Washington, D.C. - Democratic National Committee (DNC) Chairman Terry McAuliffe issued the following statement on Dia de la Raza, a final recognition culminating a month-long celebration of Hispanic Heritage for Latinos.
"In the wake of the horrific September 11 terrorist attacks, October 12 --Día de la Raza-- provides us an opportunity to recognize the vast contributions and sacrifices made by Hispanic Americans to our country, and revive our country's fighting spirit in rebuilding our Democratic society.
"More than 30 million Hispanic Americans greatly contribute to the economic prosperity of our nation, and make a powerful contribution to our country's cultural and political diversity. As Hispanic Heritage Month comes to a close, let us not forget to honor and pay respect to the many Latinos who serve our country in the United States Armed Services. Thirty-eight Latino servicemen have earned the Medal of Honorour nation's highest military honor for bravery--over 113,000 Latinos actively serve in our military.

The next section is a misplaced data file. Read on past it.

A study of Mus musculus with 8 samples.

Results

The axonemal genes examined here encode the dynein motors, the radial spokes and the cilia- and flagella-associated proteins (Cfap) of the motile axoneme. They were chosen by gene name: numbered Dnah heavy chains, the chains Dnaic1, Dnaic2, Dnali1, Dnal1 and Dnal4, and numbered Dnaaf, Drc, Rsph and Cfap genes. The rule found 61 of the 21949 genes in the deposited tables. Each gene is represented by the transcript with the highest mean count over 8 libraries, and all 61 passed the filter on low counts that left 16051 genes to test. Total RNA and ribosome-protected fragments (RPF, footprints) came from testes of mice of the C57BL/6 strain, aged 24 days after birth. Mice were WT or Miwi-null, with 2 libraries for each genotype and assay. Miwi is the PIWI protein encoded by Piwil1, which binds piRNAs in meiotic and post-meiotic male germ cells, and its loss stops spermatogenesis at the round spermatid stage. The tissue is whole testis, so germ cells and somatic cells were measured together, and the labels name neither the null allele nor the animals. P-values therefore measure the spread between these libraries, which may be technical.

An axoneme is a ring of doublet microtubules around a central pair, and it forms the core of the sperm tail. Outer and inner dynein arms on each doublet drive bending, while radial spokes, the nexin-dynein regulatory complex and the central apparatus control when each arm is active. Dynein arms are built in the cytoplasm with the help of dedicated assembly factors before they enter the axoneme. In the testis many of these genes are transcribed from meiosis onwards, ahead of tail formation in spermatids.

"Let us also not forget the countless hardworking, taxpaying, Latino brothers and sisters including our undocumented Latino immigrants without a legal voice who were impacted by the September 11 attacks. Many of them perished that day, and many more have since been laid off in the retail, service, transportation and manufacturing industries. These men and women face a grim reality of putting food on the table for their families without the help of a spouse or partner's income.
"Hispanics helped build this nation to what it is today, and they will also help rebuild and revitalize a stronger, better, nation. They are among America's heroes and we must honor their contributions them with a responsible workers' relief package that meets their needs and their families's needs.
"As though Hispanic Heritage Month comes to a close, the Democratic Party will continue all year to celebrate the many contributions of Hispanic Americans. We continue to build and broaden our strong commitment to Latinos through Democratic principles that improve the lives of Latino families-guaranteeing quality of life wages for our workers, protecting Social Security for our Hispanic senior citizens, access to higher education for our young Latino adults, and fair and equitable legal immigration laws and civil liberties. After Sept. 11, it is even more critical that we focus on empowering more Latinos to fully participate in our Democratic process and elections."